If going 4-2-0 in his first seven races is merely a warm-up for Epicenter, as trainer Steve Asmussen alluded to on Tuesday, we are apparently in for some kind of blockbuster main event at Saturday’s 147th Preakness Stakes at Pimlico Race Course.

Epicenter arrives at Pimlico as the most complete contender for the 147th Preakness Stakes. (Image: Jim McCue/Maryland Jockey Club)

“I think it’s a very unique opportunity and he has a very nice resume, but we would definitely like to add to it,” Asmussen told the Maryland Jockey Club. “We expect this is just the beginning of his racing career.”

Asmussen says this while mindful that since a sixth-place career debut in a Churchill Downs maiden special weight last September, Epicenter hasn’t missed the exacta. He’s less than a length away from running the table in those six races.

Those blips? A head defeat to 28/1 Call Me Midnight in January’s Grade 3 Lecomte Stakes and the three-quarters length upset to 80/1 Rich Strike in the Kentucky Derby. Both times, Epicenter didn’t lose the race. He was simply beaten by a better horse on a given day, albeit in freak-show fashion.

Epicenter brings the most to the gate

Asmussen, though, is curious to see what transpires in Saturday’s Preakness. There, Epicenter is the 6/5 morning-line favorite and, by all accounts, the best horse in the field. He has the best career Beyer Speed Figure with a 102. His Equibase is tied for second with Secret Oath (105).

He brings the most complete running style into the field. Epicenter won his four races in a variety of styles: from the front, as a presser, and as a stalker. He also brings the best resume into the Preakness with victories against most of the top 3-year-olds in his class.

Epicenter won three of Fair Grounds’ four Derby preps in the Gun Runner, the Risen Star, and the Louisiana Derby. He was the Derby favorite leaving the gate (4.10/1) and was an easy Preakness morning-line favorite.

New shooters hitting the Preakness target

Epicenter’s resume speaks volumes in a race devoid of depth, but lately, the Preakness hasn’t played along with the script. Three of the last five Preakness winners, Cloud Computing (13/1-2017), Swiss Skydiver (11/1-2020), and Rombauer (11/1-2021), left the gate at double-digit odds.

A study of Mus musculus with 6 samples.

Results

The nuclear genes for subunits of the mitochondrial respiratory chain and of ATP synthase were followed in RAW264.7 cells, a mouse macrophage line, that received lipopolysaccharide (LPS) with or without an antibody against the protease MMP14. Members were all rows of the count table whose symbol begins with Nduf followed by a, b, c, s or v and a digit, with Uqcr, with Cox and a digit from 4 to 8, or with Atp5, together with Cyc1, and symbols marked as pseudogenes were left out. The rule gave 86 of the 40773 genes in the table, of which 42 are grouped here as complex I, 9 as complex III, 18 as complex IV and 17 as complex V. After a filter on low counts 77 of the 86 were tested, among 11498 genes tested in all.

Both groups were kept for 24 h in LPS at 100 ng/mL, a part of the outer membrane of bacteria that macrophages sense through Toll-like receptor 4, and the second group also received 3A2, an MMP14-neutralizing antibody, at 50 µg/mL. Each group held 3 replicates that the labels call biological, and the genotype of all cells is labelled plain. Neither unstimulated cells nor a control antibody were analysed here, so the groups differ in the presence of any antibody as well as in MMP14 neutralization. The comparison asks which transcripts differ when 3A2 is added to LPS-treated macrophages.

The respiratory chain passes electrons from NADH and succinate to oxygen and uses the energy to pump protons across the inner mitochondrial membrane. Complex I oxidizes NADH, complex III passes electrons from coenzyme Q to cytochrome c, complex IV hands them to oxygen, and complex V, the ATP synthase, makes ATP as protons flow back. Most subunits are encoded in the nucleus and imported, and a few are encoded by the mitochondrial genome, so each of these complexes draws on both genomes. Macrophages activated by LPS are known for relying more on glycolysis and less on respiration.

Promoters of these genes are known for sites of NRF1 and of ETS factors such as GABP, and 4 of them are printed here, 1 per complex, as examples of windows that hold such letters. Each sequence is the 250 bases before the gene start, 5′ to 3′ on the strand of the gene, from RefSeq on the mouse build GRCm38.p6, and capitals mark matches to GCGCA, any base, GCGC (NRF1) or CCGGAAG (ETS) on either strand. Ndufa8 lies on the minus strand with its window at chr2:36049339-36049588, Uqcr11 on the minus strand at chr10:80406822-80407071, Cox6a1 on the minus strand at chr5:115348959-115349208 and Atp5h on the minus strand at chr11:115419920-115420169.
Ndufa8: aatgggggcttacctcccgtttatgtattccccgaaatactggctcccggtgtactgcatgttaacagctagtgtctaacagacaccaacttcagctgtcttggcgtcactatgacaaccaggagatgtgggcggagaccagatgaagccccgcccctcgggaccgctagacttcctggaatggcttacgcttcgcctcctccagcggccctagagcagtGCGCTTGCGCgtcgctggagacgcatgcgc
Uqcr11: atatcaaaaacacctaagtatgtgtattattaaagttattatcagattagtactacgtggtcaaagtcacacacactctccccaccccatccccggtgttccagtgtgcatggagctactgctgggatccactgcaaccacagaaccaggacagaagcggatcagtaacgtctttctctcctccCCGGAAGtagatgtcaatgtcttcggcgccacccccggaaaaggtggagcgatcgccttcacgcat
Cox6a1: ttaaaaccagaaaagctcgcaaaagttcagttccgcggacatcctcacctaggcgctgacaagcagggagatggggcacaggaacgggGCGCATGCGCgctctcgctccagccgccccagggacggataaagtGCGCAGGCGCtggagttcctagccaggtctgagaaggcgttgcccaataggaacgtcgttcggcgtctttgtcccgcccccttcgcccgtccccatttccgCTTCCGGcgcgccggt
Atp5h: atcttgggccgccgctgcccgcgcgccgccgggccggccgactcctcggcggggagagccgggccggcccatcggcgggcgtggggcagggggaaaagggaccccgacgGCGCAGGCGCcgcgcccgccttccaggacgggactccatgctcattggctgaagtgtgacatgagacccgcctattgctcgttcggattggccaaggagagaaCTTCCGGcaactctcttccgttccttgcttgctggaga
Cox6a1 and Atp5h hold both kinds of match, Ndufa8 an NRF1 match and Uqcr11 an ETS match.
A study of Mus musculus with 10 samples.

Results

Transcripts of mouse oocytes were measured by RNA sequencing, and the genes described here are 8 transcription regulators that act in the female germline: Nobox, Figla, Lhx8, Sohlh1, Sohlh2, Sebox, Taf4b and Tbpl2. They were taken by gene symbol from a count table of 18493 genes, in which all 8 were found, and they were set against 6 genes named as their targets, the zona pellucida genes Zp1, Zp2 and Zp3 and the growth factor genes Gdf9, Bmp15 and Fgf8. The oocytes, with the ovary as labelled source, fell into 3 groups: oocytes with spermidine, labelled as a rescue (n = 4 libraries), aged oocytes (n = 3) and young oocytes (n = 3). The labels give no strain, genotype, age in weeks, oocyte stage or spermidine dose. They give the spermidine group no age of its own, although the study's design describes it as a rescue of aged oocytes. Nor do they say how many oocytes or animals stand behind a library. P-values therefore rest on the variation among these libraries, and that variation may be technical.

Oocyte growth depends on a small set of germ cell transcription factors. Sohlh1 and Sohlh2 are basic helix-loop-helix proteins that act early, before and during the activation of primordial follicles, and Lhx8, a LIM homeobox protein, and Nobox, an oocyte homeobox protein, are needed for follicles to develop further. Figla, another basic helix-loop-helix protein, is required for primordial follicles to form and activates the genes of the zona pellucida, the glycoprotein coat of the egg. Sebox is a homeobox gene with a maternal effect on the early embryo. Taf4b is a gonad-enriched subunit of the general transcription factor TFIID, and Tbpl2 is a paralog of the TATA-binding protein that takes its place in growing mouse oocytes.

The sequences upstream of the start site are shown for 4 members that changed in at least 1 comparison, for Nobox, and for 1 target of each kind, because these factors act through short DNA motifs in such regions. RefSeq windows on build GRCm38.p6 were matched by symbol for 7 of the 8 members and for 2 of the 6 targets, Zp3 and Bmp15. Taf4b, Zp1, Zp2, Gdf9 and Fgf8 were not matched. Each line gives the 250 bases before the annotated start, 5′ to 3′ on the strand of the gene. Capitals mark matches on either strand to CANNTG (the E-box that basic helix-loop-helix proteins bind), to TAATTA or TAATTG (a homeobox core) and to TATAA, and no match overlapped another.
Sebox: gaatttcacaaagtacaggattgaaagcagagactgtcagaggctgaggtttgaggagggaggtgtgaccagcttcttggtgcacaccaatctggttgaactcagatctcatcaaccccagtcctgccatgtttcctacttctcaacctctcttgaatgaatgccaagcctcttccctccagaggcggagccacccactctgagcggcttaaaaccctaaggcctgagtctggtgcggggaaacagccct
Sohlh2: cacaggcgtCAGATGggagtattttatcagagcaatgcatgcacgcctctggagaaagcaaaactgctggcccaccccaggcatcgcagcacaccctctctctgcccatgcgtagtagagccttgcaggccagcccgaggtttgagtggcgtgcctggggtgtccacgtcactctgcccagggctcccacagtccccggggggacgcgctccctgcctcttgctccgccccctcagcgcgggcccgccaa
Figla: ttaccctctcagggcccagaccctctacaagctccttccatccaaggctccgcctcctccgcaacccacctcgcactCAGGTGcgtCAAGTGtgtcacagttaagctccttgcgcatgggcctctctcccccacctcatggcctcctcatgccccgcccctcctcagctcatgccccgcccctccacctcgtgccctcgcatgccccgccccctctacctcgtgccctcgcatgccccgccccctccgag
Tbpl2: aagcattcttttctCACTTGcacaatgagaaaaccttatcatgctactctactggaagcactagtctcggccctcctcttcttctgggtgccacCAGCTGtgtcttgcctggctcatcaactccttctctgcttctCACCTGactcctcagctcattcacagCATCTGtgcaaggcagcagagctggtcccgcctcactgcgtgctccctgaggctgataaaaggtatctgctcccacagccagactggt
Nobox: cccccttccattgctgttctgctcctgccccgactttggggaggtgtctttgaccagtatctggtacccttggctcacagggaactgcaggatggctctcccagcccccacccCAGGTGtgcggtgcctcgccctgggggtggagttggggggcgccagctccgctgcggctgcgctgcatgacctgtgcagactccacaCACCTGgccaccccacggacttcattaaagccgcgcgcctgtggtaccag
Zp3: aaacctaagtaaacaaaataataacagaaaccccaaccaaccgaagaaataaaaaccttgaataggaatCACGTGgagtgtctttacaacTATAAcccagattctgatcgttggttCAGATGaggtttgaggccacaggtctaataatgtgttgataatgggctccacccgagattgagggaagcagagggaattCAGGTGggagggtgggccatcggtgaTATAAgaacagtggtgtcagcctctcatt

All three were “new shooters,” meaning they parachuted into the Preakness without running the Derby. According to Horse Racing Nation, a new shooter has hit the Preakness board every year since 2014. In five of those years (2015, 2017, 2019-21) new shooters filled two of the three board places.

Asmussen thinks he has Epicenter ready to answer the challenge from new shooters Secret Oath and Early Voting. Those are the two most formidable newcomers in the field, but they have company. Only Epicenter, Simplification, and Happy Jack in the nine-horse Preakness field arrive from the Derby.

Epicenter’s last start before the May 7 Derby was the March 26 Louisiana Derby.

Asmussen plotted a wise course

“His races have been spaced considerably since the beginning, and I think that’s what has allowed us the horse we have right now,” Asmussen said. “How he runs back in two weeks and how he comes out of a race back in two weeks is yet to be determined.”

So, obviously, is Epicenter’s future. But with the colt he has and the talent Epicenter has shown, Asmussen is much less concerned about that.